As designers, models, editors and agents from around the world descend on Toronto Fashion Week to ponder the cultural significance of retro hemlines and metallic brocade minimalism, the tension mounts with an unspoken but preoccupying question: Will the runways of 2010 feature models familiar with the occasional piece of cheesecake?
This should be an old story. In 2006, the high-profile deaths of two young models from anorexia-related health complications generated unprecedented scrutiny of the catwalk's occupational hazards. The resulting publicity led fashion and design councils in Britain, Spain and the United States to introduce health guidelines that would permit the hiring of genuinely post-pubescent girls, and encourage them to consume both fruit and yogurt while working.
Four years after this shock-fuelled enlightenment, the chorus of disgust over industry practices has increased considerably. But the silhouette of models? Not so much. France introduced a bill making it illegal to promote anorexic behaviour, U.S. designers launched a "Health is Beauty" campaign and fashion maven Victoria Beckham (herself a whopping size zero) signed up in support. Yet, the industry famous for inspiring new trends overnight has been astonishingly slow to shift from "concentration camp" chic to "women who actually swallow food" chic.
The editor of British Vogue, Alexandra Shulman, admitted last year that she frequently has fashion photos retouched to add pounds. No word on why she didn't just hire more buxom beauties in the first place, although American casting agent James Scully - the man who famously declared "Let's stop treating models like greyhounds we plan to shoot after a race" - says finding healthy runway models remains a difficult task.
At a time when most of us are trying to muster sufficient control to back away from a second slice of molten chocolate lava cake, it's hard to mobilize public outrage over the plight of the chronic under-eater or the industry that (ahem) feeds such behaviour. This challenge is matched only by the impossibility of drumming up sympathy for those who appear to have become a little too intimate with the Golden Arches.
And because the fast-food industry cleverly avoids placing ads on Fashion File or in Glamour magazine, the link between starving models and the growing obesity epidemic isn't as clear as it could be. But health professionals wrestling with the fallout have labelled both problems "disordered eating" for a reason: There's a much clearer link than most people realize between a culture that appears too eager to embrace the artery-arresting "Baconator" and one that laments the growing familiarity among five-year-olds with the Atkins diet.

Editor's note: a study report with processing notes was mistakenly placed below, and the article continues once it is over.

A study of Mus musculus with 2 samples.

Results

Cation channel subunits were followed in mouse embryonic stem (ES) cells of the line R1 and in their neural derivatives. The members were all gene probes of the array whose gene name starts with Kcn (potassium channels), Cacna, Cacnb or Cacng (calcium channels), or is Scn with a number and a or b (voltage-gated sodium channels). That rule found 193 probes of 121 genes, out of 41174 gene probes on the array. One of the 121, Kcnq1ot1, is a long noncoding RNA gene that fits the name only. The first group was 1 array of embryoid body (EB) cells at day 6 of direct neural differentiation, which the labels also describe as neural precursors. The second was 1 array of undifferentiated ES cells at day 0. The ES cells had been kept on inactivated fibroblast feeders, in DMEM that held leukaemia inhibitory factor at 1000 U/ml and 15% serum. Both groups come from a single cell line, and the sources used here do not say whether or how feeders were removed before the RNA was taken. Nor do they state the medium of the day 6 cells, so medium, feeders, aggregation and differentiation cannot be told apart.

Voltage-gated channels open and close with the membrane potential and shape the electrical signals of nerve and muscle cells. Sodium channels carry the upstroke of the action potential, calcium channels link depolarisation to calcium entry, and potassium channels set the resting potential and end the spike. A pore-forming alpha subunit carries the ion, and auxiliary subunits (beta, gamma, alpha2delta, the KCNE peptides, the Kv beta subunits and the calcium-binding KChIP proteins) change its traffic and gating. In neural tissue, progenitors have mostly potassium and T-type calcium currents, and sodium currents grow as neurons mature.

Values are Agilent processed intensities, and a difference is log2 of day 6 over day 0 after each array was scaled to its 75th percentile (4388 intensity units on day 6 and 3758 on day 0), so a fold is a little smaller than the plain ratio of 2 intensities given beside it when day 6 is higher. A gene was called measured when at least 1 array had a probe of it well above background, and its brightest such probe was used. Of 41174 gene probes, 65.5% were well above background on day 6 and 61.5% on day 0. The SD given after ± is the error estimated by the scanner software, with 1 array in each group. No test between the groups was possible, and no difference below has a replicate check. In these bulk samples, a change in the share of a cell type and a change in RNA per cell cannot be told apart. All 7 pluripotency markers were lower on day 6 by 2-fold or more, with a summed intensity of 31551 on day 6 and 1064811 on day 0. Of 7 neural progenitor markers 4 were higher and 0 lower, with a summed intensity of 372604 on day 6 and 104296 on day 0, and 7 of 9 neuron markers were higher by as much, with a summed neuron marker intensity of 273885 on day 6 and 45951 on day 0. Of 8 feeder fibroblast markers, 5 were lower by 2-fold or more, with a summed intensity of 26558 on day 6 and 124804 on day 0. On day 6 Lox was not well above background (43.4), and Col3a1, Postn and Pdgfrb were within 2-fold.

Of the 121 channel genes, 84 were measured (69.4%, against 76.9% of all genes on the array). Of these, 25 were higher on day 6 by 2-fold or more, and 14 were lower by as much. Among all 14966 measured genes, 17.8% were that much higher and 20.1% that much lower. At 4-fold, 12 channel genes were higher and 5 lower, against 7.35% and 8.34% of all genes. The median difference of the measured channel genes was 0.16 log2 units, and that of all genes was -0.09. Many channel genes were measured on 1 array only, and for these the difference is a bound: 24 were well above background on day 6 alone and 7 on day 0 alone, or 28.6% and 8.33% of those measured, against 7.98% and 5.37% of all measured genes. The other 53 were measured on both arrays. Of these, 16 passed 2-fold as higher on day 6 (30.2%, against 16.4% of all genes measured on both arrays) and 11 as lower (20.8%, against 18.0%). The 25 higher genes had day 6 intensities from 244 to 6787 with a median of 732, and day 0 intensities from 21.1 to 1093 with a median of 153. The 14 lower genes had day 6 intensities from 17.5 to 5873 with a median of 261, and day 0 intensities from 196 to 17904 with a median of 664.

Decades of peer-reviewed research studies have demonstrated clear links between young women's exposure to thin ideals, body dissatisfaction and lowered self-esteem. Not everyone is affected the same way, of course, and other variables play a role. (If the beauty industry were entirely to blame for eating disorders, all North American women would be suffering, instead of just several million.)
But the increasing cracks in the wall of denial reflects the fashion industry's inescapable recognition of the havoc's long-term economic and social consequences. Not surprisingly, girls and women taught by beauty advertising and fashion media to view their naturally sized bodies with puke-inducing disgust often withdraw from health-enhancing activities, abandon academic studies and limit their career opportunities. They also diet like crazy. And teenaged girls who diet are at significantly greater risk for obesity than those who don't.
This is the context that has fuelled a new campaign launched by the National Eating Disorder Information Centre. Acknowledging that responsibility for solving the problem is shared, the campaign targets fashion industry decision-makers and consumers alike. To magazine editors, NEDIC sent a greeting card celebrating a decidedly un-Hallmark moment: "Thanks for helping to make me such a successful anorexic," it read.
Marketing managers received fetching black T-shirts with impossible six-inch waists and a tag urging: "Please try this on to experience how your ads make us feel." And an interactive transit shelter encourages passersby to toss their fashion mags into a bin, echoing the blunt advice offered last year by former supermodel Cindy Crawford. "If people don't want skinny models," she said, "stop buying the magazine with the skinny model."
Is anyone other than the marketers of Dove listening?
Shari Graydon is author of In Your Face: The Culture of Beauty and You.